Santa Clara, California - A startup that licenses Purdue University technology has created a deep-learning camera and hardware package that can be taught to recognize objects or perform tasks that could be used in security, automotive, industrial and defense applications.
Eugenio Culurciello, associate professor in the Weldon School of Biomedical Engineering and co-founder of TeraDeep, said deep-learning technology is inspired by the human brain.
"TeraDeep is commercializing a very popular scientific tool that is based on large neural networks to learn and understand data, like the content of images and videos, the same way humans do," he said. "The technology can be trained to perform a certain way by watching similar videos or being shown examples. Users can apply rules to enable it to detect a certain action or object and even recognize individual faces."
TeraDeep licensed the technology through the Purdue Research Foundation Office of Technology Commercialization. The company also is a client of Purdue Foundry, an entrepreneurship and commercialization hub located in the Burton D. Morgan Center for Entrepreneurship at Purdue. More than 20 startups based on Purdue intellectual property were launched in the 2015 fiscal year.
Culurciello said TeraDeep's technology gives machines the ability to see the environment around them. He said it could be applied to any industry that needs to process large numbers of images or videos.
"One of the biggest applications for our technology could be in the automotive industry. Automotive manufacturers are trying to make car segments semi-autonomous, which could lower the risk of accidents due to human error. Our technology is able to bring a processing capability to a vehicle, perceiving the outside environment and taking action based on certain elements, such as identifying pedestrians, navigating and ensuring security," he said. "Another application could be changing how a device performs depending on who is operating it. This could mean changing television settings based on whether a child or adult is watching, or automatically adjusting the temperature based on occupancy in a room."
Culurciello said traditional camera systems aren't as sophisticated as the TeraDeep technology.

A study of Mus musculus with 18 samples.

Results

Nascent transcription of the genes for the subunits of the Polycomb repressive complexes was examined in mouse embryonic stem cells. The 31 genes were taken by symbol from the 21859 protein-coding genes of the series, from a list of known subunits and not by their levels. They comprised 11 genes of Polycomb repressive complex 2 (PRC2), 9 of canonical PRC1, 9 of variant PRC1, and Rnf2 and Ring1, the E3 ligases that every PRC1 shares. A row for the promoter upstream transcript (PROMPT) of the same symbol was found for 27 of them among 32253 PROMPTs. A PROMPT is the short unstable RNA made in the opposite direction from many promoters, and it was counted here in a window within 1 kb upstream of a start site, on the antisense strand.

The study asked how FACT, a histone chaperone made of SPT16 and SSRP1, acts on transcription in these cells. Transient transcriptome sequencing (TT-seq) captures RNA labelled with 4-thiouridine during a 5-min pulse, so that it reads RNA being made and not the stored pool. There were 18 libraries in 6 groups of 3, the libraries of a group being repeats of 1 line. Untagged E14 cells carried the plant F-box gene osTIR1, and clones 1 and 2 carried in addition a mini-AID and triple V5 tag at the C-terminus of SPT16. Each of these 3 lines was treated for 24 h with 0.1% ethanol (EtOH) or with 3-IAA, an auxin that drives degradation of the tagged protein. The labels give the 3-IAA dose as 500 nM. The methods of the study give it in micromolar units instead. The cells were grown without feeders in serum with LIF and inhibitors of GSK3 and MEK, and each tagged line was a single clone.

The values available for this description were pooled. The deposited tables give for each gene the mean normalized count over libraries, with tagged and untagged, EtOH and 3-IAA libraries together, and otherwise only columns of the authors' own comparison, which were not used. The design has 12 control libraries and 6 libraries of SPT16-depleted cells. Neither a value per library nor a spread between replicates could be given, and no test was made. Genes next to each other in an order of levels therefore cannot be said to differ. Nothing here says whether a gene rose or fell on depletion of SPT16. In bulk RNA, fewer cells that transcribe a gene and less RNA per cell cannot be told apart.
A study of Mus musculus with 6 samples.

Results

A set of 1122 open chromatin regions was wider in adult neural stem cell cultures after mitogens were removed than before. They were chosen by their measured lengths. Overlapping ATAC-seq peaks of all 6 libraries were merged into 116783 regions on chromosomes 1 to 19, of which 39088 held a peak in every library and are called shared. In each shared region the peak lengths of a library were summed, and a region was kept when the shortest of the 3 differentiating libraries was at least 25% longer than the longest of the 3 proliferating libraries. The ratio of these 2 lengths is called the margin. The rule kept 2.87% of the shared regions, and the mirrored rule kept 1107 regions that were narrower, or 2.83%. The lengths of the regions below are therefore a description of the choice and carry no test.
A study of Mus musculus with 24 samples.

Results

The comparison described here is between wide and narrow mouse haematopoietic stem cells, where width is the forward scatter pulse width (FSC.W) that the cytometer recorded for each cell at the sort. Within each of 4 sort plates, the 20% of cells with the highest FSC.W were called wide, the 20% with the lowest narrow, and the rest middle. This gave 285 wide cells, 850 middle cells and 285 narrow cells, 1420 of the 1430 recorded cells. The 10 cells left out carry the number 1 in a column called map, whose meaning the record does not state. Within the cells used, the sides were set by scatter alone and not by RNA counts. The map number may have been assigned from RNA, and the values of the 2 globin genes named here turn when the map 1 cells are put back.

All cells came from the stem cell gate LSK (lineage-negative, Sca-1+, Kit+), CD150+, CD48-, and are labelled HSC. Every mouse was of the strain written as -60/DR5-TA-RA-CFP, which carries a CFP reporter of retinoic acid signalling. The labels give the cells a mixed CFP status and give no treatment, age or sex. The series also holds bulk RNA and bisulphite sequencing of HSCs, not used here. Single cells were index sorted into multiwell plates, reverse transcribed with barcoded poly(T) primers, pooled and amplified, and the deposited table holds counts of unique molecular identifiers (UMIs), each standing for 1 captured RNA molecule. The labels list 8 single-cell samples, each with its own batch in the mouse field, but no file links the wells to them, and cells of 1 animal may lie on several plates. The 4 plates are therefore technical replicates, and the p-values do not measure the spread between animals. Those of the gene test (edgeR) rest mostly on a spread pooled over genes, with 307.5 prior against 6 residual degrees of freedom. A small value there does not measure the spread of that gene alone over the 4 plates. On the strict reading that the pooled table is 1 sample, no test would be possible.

"Current systems have problems distinguishing between things such as humans and pets because they detect only movement instead of a particular object or person. These systems have a large number of false alarms and have to record huge amounts of video to determine if there is a threat, which wastes time and resources," he said. "Our system records the segments only where a person or object that the client wants to identify is present. It can also allow for smart locks, giving people access to different locations based on facial recognition."
TeraDeep uses its own hardware system so footage can be processed faster with more privacy than conventional methods.
"Video that is captured on current camera systems usually is streamed in the cloud, and people hosting the server look at the video and process the parts that are interesting so users don't have to look at hours of footage. This method has no means to protect privacy and can take hours," Culurciello said. "TeraDeep utilizes an accelerator-embedded hardware system rather than software and the cloud. This means footage can be processed locally, privately and more timely, so that it can raise an alarm almost immediately without relying on the cloud or cell phones."
TeraDeep has received interest from the automotive industry and various defense industries.
Culurciello said TeraDeep, which has offices in Santa Clara, California, and West Lafayette, Indiana, is looking to develop its technology further and establish relationships in industrial sectors.
"We would like to make our own microchip or license our own microchip so everything would run faster and better. Partnerships with both server and hardware entities would allow us to do that," he said. "We are also open to securing partners in the security and or automotive industries while growing our offices."